Former Fiji opposition leader Jai Ram Reddy dies

(L-R) The Late Jai Ram Reddy with People’s Alliance Party Leader Sitiveni Rabuka. PHOTO: NFP/Facebook

Former Fiji leader of the opposition, judge and political trailblazer, Jai Ram Reddy has died.

Reddy, 85, passed away in Auckland on Monday night.

He was born in Lautoka in 1937 and had a long and illustrious career as a lawyer, politician, and judge.

Reddy established a reputation as a staunch advocate for equity, social justice, and racial equality in Fiji.

He was appointed as the Attorney-General and Justice Minister of Fiji in 1987, when Fiji’s first coup took place.

Reddy served twice as leader of the opposition in parliament, first from 1977 to 1983 and a second time from 1992 to 1999.

Following his time in politics, Reddy served as the president of the Fiji Court of Appeal in the early 2000s.

In 2003, he was selected by the UN General Assembly as a member of the International Criminal Tribunal for Rwanda.

He finished serving as an international judge in 2008.

National Federation Party Leader Biman Prasad said the late Reddy was deeply committed to democracy, the rule of law and the politics of dialogue and cooperation.

“Justice Reddy is a towering figure in Fiji’s history. Like NFP’s founder leaders, A D Patel and S M Koya it is remarkable that he is remembered for his time in Opposition, not in Government. In that way, he proved the importance of leadership and vision over the narrow objects of political contests. He had a vision for the next generation, not the next election. He was deeply committed to democracy, the rule of law and the politics of dialogue and cooperation,” said Prasad.

His daughter, Helen Nalina Reddy, in a tribute to her Father, said, “Those who knew him intimately will recall his reverence for the prose of William Shakespeare and his uncanny ability to recite Shakespearean sonnets and soliloquies – even when his Alzheimer’s was quite advanced. As a young, idealistic student, he developed an interest in philosophy and his outlook and perspectives were shaped by both Eastern and Western writers and intellectuals. Possessing a dry, acerbic wit, he enjoyed satire and comedy – particularly the British variety – and was an ardent fan of all things involving Monty Python and other comics of that tradition. He also liked old Hindi songs but loved Ghazals the most.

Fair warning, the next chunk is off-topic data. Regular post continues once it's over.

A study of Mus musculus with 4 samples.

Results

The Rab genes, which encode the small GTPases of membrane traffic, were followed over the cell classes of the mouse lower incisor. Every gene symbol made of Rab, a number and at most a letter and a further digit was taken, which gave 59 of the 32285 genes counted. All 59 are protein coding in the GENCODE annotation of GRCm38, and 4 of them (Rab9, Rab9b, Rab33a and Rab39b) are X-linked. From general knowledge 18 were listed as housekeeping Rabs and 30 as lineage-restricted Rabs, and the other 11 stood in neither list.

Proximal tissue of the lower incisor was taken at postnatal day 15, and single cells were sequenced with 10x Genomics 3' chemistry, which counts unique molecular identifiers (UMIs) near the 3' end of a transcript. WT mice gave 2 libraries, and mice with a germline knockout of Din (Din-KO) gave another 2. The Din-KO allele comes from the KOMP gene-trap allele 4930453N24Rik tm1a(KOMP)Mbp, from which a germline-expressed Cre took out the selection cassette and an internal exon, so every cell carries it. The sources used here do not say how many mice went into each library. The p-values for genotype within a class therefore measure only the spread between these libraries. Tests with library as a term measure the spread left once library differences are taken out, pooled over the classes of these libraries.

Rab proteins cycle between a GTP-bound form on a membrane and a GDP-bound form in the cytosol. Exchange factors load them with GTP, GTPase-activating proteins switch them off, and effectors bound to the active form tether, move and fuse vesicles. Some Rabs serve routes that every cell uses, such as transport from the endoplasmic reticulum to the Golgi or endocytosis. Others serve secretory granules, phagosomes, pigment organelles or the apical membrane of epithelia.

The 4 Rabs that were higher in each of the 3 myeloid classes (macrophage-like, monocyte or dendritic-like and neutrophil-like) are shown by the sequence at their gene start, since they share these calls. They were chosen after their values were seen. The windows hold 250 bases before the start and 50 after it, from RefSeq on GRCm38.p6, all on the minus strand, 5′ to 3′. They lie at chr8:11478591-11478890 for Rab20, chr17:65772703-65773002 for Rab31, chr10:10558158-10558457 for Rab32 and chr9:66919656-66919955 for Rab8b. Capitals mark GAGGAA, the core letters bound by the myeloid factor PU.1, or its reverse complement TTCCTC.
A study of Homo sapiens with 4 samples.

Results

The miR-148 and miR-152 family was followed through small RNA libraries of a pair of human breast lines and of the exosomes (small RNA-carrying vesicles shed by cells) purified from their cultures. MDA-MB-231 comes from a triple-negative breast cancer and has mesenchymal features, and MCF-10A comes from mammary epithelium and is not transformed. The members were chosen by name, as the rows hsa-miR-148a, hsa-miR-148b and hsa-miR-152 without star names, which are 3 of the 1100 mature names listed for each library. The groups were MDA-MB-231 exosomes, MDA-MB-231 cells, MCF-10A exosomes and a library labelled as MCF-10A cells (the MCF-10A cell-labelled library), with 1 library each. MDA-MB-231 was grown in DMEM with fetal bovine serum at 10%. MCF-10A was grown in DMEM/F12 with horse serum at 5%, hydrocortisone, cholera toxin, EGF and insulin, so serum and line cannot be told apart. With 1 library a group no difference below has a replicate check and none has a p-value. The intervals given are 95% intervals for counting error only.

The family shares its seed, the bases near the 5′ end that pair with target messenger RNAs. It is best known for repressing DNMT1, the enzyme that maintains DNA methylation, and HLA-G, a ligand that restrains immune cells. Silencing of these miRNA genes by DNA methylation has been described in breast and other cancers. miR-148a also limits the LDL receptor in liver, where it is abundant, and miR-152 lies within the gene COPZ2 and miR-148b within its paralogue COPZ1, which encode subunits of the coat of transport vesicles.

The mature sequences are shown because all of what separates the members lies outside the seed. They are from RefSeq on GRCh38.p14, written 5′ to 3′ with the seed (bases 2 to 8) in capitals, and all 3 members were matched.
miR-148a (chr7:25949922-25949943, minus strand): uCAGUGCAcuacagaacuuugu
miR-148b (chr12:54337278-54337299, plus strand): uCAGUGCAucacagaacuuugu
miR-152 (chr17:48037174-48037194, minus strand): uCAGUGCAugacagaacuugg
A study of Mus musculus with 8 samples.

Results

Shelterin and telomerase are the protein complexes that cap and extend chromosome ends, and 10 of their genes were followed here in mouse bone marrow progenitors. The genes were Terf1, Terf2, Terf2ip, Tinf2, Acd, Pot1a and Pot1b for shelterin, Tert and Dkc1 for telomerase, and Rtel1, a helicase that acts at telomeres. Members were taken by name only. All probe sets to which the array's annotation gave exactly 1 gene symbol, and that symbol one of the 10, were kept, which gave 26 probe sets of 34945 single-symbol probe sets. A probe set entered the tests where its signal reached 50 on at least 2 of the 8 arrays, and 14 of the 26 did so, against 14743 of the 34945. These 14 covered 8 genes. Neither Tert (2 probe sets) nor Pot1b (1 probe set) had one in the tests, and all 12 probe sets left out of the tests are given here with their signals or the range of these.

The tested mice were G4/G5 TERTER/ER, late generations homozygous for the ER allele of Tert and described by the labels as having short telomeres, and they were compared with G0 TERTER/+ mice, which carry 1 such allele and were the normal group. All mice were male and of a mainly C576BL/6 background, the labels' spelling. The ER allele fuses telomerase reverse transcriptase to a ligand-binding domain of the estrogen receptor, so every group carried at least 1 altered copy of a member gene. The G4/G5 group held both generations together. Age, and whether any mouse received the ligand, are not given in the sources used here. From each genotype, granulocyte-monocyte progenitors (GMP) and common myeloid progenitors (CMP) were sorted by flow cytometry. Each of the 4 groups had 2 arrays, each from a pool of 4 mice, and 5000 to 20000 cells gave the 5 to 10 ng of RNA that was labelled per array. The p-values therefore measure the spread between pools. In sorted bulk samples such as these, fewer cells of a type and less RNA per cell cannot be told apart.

“I am conscious that many of those who will read this piece is, like me, the descendants of indentured labourers “Girmitiyas” who were brought from India to Fiji during colonial rule. Like many of their generation, my grandparents, Pethi and Yenkatamma Reddy were farming folk who wanted a better future for their children. They worked in the field and saved with a view to sending their eldest son, Jai Ram, to study law in New Zealand. Their dreams were realised, and my father was admitted as a barrister and solicitor in 1960. I never did have the opportunity to observe my father in the courtroom, but I have heard and read much about his formidable advocacy skills and forensic legal mind. His areas of practice were broad, but he was particularly invested in criminal law and practice. I understand he could be a pit bull in the courtroom and had an unwavering commitment to his clients. Rest in Peace my dear Father,” she said.